By T.M. Beller, Army Public Affairs Specialist
Fort Hamilton, N.Y. – A Washington Heights native and Harlem-based Army recruiting center commander won a prestigious recruiting award March 3, 2016, during the final rounds of the competition at Fort Meade, Md.
Sgt. 1st Class Yanitza Betances-Leger, the 34-year-old recruiting center leader for the U.S. Army Career Center Harlem, earned the U.S. Army 1st Recruiting Brigade’s Center Leader of the Year Award, edging out nearly 210 other center leaders across the northeast.
Although her occupational specialty as an Army career recruiter has been open to females for several decades, the announcement of her win comes during the national Women’s History Month and on the heels of Defense Secretary Ash Carter’s recent decision to open all military occupational specialties to women during this era of full integration.
Maj. Gen. Jeffrey Snow, who leads the Army’s recruiting command, stated in an Oct. 4, 2015, memo to his senior recruiting personnel officer that he wanted to improve the recruitment of females for Army service by boosting the number of women recruiters by one percent, according to USA Today online.
“Women are 23 percent better at recruiting women than men, and increasing the number of females on recruiting duty will improve the effectiveness of recruiting women,” wrote Snow, who assumed command of Army recruiting since 2015.
“Women make up about nine percent of the Army’s recruiters while they are 15 percent of its nearly 500,000 Soldiers,” Snow wrote. They are clearly underrepresented compared to the rest of the Army.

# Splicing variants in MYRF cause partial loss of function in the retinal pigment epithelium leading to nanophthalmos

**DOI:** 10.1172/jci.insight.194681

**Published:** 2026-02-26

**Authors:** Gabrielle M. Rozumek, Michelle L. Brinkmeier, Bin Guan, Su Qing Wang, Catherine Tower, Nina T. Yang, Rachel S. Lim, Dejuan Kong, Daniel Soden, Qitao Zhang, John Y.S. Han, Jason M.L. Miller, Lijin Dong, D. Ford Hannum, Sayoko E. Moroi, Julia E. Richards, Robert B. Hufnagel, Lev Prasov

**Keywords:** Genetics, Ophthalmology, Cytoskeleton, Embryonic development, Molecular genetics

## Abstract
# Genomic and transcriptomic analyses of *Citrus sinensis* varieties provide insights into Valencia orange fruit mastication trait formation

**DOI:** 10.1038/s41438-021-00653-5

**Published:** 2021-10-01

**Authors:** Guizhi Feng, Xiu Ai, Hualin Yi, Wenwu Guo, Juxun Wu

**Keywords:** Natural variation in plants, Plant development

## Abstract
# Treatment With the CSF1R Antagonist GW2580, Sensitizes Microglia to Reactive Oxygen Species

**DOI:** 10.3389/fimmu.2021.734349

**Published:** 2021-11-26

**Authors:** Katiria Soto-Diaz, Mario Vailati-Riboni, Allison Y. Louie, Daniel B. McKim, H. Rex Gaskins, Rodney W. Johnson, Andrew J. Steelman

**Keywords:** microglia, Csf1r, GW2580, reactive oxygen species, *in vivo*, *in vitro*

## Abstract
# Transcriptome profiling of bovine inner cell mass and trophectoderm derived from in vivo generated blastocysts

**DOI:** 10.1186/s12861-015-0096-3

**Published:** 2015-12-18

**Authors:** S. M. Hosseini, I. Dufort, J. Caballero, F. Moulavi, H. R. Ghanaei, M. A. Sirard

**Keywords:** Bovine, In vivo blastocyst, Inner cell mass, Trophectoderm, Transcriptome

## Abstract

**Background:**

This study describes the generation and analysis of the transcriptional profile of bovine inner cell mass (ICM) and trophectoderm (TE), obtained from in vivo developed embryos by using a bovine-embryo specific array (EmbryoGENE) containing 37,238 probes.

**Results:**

As a Hispanic female on recruiting duty who recruits qualified men and women to join the strength of the Army, Betances feels the path to success in achieving both Snow’s and the Department of Defense’s personnel goals is believing in her craft and being a role model.
“I believe what I do as an Army recruiter changes women’s lives for the better,” said Betances charismatically. “And showing men, and especially women, that they can achieve more than what they expected is not only my duty but also a true reward for me as an Army recruiter.”
Leading by example by being the example is what Betances believes a good role model is, and that ethos has taken her quite far in the Center Leader of the Year competition; this ethos also punctuates her personal life, too, where she serves as a coach for her daughter’s 12-and-under softball team, selflessly dedicating her time to mentoring young female athletic achievement.
“As the Army expands (military occupational specialty) availability to women, a large, qualified and under-recruited segment of the population will become more available and likely more interested in service,” Snow wrote. “The Army needs to provide more role models to assist in relaying Army opportunities to qualified females.”
With strong females like Betances serving in our local communities as role models for today’s youth, she remains personally dedicated to the future of bettering women’s opportunities in the U.S. Army.
Women have served in the Army since 1775 from Molly Hatchet, who fired her husband’s cannon after he fell, to the female engagement teams in 2010 in Afghanistan who leveraged their gender to help them build relationships with native women.
It could be said, then, that the best place in the Army for women is everywhere.
The U.S. Army is proud to support the national Women’s History Month and is proud to recognize the achievements and contributions of women Soldiers like Betances whose ethos parallels the 2016-year themed “Working to Form a More Perfect Union: Honoring Women in Public Service and Government.”